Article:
Rental Corner: Some nostalgic evening with “Elephants” and “Hugo”
The marketing for “Water for Elephants” was something that I feel was done wrong. The vibe I got from it was a “happy-go-luck” tale about lovers trying to run a circus. What shut me off from it was how I didn’t feel there was anything interesting or anything that gave me a reason to view it. By the time I decided to give it a look, I found myself to be wrong about it.
Set druing the Great Depression, the story centers around Jacob (Robert Pattenson), a college student that comes close to getting a degree and future as a veteranian. However, things backfire when his parents die and is left with nothing. He later joins a circus and becomes well-aquainted with the local carnies. Eventually, he gets hired on by the circus owner August (Christoph Waltz) who later gains an elephant as the star attraction to replace a broken down horse. As things progress, Jacob becomes concerned with the relationship between August and his wife that comes off as complicated as August tends to be easily jealous and very possessive of his things.
The character of Jacob is based from the classic love story formuals of the outsider that comes into the lives of two people and falls in love with the one aquainted with another. However, this plot element is rather unique as the love interest is bound to the cirus owner. The relationship between her and August is a tragic one. August can be seen as a softer side of Frank Booth from Blue Velvet. Instead of cussing every minute and inhaling gases, he is a rough character that only wants things his way and the more cross you with him, the bigger the chance he will toss you off a train. While Jacob is an innoicent guy, at least he knows the right way of things seeing how August tends to misabuse the animals and sees his own crew as just acts rather than people.
Water for Elephants as a whole is not just a love story. While watching it, I had a strange feeling as I felt like I traveled back to a time when I saw the circus as a kid and appreciated all the acts I saw. A time where the will of imagination was just under a big top. However, the circus experiences I had were indoors (with one exception of seeing it under a tent) as opposed to the dying tradition of the “big top circus.” This movie provides that feel of seeing what one was like in the past while getting a good look at the attraction in the center ring. A look of what audiences in the 1930s didn’t see behind the drama that occured behind the tents.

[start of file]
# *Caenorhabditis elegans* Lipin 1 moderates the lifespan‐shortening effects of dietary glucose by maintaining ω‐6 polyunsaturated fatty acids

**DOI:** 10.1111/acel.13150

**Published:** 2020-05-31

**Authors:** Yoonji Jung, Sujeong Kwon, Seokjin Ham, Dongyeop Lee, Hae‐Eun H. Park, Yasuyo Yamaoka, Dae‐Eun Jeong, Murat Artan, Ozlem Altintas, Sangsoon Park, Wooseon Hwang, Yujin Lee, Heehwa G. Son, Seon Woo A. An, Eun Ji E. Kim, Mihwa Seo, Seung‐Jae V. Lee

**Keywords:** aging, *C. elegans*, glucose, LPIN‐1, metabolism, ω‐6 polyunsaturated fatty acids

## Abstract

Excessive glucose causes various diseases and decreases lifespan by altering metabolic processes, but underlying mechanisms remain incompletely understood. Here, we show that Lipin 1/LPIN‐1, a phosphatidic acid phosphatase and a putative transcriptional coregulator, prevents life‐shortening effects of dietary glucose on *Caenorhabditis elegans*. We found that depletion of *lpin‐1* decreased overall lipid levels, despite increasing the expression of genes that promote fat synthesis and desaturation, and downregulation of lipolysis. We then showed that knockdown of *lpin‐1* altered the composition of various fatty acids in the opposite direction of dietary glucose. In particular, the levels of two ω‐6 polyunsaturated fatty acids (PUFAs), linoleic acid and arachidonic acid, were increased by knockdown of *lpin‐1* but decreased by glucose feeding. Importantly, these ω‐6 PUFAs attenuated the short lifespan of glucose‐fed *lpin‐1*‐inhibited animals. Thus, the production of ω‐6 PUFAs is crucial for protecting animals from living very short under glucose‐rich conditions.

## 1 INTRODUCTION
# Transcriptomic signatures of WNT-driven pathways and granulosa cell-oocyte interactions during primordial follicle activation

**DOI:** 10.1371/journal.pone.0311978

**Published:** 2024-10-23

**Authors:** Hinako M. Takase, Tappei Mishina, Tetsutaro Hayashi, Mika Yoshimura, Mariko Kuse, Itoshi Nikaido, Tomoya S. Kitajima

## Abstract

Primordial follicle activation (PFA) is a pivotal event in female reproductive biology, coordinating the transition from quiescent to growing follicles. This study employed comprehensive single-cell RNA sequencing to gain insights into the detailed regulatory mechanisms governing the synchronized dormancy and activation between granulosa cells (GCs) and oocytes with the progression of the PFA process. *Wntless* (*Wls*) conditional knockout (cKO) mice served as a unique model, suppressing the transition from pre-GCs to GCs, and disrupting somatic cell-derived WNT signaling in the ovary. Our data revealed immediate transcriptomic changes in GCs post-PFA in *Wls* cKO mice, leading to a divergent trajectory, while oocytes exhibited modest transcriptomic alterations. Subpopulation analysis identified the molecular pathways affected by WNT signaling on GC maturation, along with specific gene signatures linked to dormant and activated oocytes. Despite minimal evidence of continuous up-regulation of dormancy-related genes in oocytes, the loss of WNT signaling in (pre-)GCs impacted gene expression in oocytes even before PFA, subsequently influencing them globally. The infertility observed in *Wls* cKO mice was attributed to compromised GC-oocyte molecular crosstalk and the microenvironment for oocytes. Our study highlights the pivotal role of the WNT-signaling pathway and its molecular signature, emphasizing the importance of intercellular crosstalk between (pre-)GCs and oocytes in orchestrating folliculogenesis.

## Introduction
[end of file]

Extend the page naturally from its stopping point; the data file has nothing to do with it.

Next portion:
Another winner of the night was Martin Scorsese’s latest critical hit, Hugo. The story of a kid that lives in a 1931 train station after his father dies and continues to manage the clocks under the unknown eye of the train station inspector (Sacha Baron Cohen). In Hugo’s possesion is an automaton, a wind-up machine that can either write or draw pictures. Thanks to the unforunate death of his father, the discovered creation is left unfinished as Hugo tries to fix up and learn the possible message his father left behind.
Also involved is a nearby toymaker that is aware of Hugo’s michef and makes his work for him to pay off the items he “stole.” Hugo later comes across the tinker’s goddaughter who could be a possible key in fixing the automaton. Once the secret is unlocked, the second half becomes more of an homage to film pinoeer George Méliès as Hugo and his new found friend try to find the conncetion between the automaton and the tinker.
In fact, one can notice this movie tends to apply the basic cliches of a silent movie off the bat as visual expresion is often used, certain shots are mostly wide or long, and certain characters have certain quirks that apply to them like the inspectior being a vicim various chases that result in a comical payoff. Even the world of Hugo is visually impressive and becomes a character itself as passengers come and go like how the moving gears of clock never end or how the bright and vibrant the train station is compared to the dark and dimmly lit rooms of the clock.
Hugo in its own right is more than a movie about a boy and his ventures. Its the rediscovery of the past and power of films. Without the character of Hugo, there is no charm and innocence that leads to the ingenious spark as he gets an old figure to relive his past while it wittles down to a finale that pays ode to various and iconic silent film scenes. To describe how impressive this movie is tends to be a difficult one. It has a unique charm and appeal that reminds us of the magic of movies and what they can do.